TUBES VS TUBELESS
Tyre design has come such a long way since I first went off-roading and I have come to the conclusion that tubes tyres, for all but highly specialist applications (don’t ask me what these might be) tubeless is the only way to go. As a general rule, tubeless tyres are: as tough, easier to repair (in most situations), are far safer, give better grip, better braking, use less fuel and suffer far (FAR!!!) fewer punctures and are altogether the better choice for overlanding.
Up until ten months ago (mid 2010) if someone had to ask me, what is the best tyre for overlanding use, I could not give a definitive reply. This is no longer the case. During my TV shoot for Take A Deep Breath, season-2, I travelled ±27 000 kms through Namibia, Angola and Botswana. Before this, I had done a trip through Mozambique and crossed the Kalahari. I did all this on a single set of tyres and did not suffer a single puncture or had a single issue with my tyres. I have never known such fantastic service from a set of tyres. The tyres were BF Goodrich, ATs, 265/75R16 on a Toyota Land Cruiser 105 wagon.
The question of tubed or tubeless is much debated.
Tubes versus Tubeless
• A tubed tyre running at reduced pressures for long periods generates more heat and is more prone to damage and punctures.
• A tubed tyre is easier to repair in the bush than a tubeless, when on a split rim or rim with narrow flange because they are easier to remove from the rim. However, tubeless tyres can often be repaired with a simple plug, not usable with tubes.
• Tubes do not strengthen the tyre or help prevent punctures, if anything, the reverse is true.
• If a tubeless tyre is deflated for use in heavy sand conditions that require excessive throttle, the tyre may move on the rim. The result is total deflation.
• Blowouts occur less often to tubeless tyres. In tubed tyres, sudden deflation can be caused by excessive heat that is aggravated by friction between the tyre casing and the tube. This is especially serious if the tyre is under-inflated or overloaded where tyre distortion increases this friction tenfold.
• Damage to tyres is common in outback travel. If you use tubeless tyres, carry a suitable tube to enable you to effect a repair should the damage be sufficient to render the tyre useless for tubeless operation. It is very unlikely that you will find the tube of the correct size when you need it and even if you do not intend to go into very remote areas, carry a spare tube.
• Blowouts can tear a tube to pieces rendering it useless, so if you use tubed tyres, carry several spare tubes.
Fitting inner tubes
When fitting tyres with inner tubes it is imperative that once the tyre is inflated it should immediately be deflated and then re-inflated. This will remove twists in the tube. If a twist remains, the tube may split. Evidence of tube failure of this nature can be detected as the tear begins at the point of highest stress, normally the valve. Many tyre fitting workshops do not know this, so you should keep and eye on the fitting operation and make sure that this operation is carried out correctly.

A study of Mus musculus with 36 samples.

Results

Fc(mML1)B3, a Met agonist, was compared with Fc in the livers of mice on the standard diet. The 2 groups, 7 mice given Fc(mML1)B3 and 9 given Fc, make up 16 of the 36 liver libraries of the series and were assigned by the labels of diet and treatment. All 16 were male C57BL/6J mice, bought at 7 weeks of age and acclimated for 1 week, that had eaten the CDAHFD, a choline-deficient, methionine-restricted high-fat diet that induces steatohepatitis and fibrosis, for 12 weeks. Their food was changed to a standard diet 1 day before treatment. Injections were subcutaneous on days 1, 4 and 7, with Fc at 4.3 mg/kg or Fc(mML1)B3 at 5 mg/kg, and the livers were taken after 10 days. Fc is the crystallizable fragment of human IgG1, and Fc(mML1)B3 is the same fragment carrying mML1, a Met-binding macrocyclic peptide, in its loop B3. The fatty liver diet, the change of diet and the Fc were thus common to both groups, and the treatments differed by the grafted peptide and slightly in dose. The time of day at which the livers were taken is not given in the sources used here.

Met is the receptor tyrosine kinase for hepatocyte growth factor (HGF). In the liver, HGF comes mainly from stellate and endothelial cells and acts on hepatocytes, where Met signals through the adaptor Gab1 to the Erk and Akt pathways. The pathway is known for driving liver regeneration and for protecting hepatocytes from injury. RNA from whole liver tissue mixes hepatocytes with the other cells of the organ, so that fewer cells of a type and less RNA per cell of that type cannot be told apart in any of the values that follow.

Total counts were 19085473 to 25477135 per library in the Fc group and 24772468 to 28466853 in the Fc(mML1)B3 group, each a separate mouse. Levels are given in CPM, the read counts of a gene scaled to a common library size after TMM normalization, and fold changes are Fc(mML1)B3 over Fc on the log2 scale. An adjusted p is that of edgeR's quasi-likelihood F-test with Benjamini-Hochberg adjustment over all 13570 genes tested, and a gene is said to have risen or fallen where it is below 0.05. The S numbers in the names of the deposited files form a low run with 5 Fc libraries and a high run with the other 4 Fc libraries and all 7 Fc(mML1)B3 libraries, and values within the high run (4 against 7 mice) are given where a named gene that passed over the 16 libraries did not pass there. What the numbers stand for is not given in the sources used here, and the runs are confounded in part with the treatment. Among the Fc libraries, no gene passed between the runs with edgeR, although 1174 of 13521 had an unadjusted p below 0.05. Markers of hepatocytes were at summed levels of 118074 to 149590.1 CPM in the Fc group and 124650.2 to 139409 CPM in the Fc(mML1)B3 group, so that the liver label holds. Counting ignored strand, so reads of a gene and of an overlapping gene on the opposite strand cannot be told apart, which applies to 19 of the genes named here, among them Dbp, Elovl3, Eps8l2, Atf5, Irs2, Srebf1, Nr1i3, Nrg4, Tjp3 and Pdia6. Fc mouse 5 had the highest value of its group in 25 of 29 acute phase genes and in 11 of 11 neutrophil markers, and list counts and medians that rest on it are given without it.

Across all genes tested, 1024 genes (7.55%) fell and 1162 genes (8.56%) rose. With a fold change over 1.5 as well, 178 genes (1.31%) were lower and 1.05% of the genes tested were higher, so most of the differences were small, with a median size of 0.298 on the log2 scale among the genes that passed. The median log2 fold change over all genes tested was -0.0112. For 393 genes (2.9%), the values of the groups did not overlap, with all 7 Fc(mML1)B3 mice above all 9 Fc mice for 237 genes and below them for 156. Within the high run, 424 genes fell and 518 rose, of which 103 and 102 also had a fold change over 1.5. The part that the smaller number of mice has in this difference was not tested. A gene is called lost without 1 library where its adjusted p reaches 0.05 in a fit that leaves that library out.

RADIALS VS CROSSPLIES
Radials are superior to cross-plies in almost every respect except price. They offer superior traction, safety and comfort, both on a paved surface and off-road.
Radial tires are made by laying strips from flange to flange (the flange is the point where the tire meets the rim). The advantage of this design is that flexing of the sidewall does not affect the tread. They flex independently of each other. So, decreasing pressures will flex the sidewall and tread area, while keeping the tread pressure evenly spread and increasing the tire contact area with the ground, thereby decreasing the ground pressure and the tyre penetration.
These are constructed by laying strips of fabric over each other at 90° angles, forming a wafer effect. These strips are called plies and the more plies a tire has the higher its load carrying ability will be, while its flexibility is reduced. They were first used in the 1860s and apart from improvements in the materials used they have changed little in design. When the side wall of a cross-ply expands with deflation, the ground pressure in the middle of the tread decreases. At the same time the ground pressure on the outside of the tire increases. The lower the inflation pressure the more marked the effect.
When the tread bar of a cross-ply meets the ground it bends. This causes the weaker area of casing behind to distort, allowing the tread bar to move backwards. As the tire rotates and the tread leaves the ground, it flicks back to its original position. This movement, combined with the distortion of the tread described above, causes trauma to the surface over which the tire is passing. In sandy conditions, this trauma, exaggerated if the cross-ply is under-inflated, will cause the tire to dig in. Cross-plies are therefore unsuited to heavy sand conditions.
Cross-plies also have a higher rolling resistance than radials and this will affect fuel consumption. Perhaps the only time that cross-ply tires could be advantageous is when the vehicle spends most of its time carrying heavy loads at low speeds over hard rocky ground that could cause damage to more expensive radials.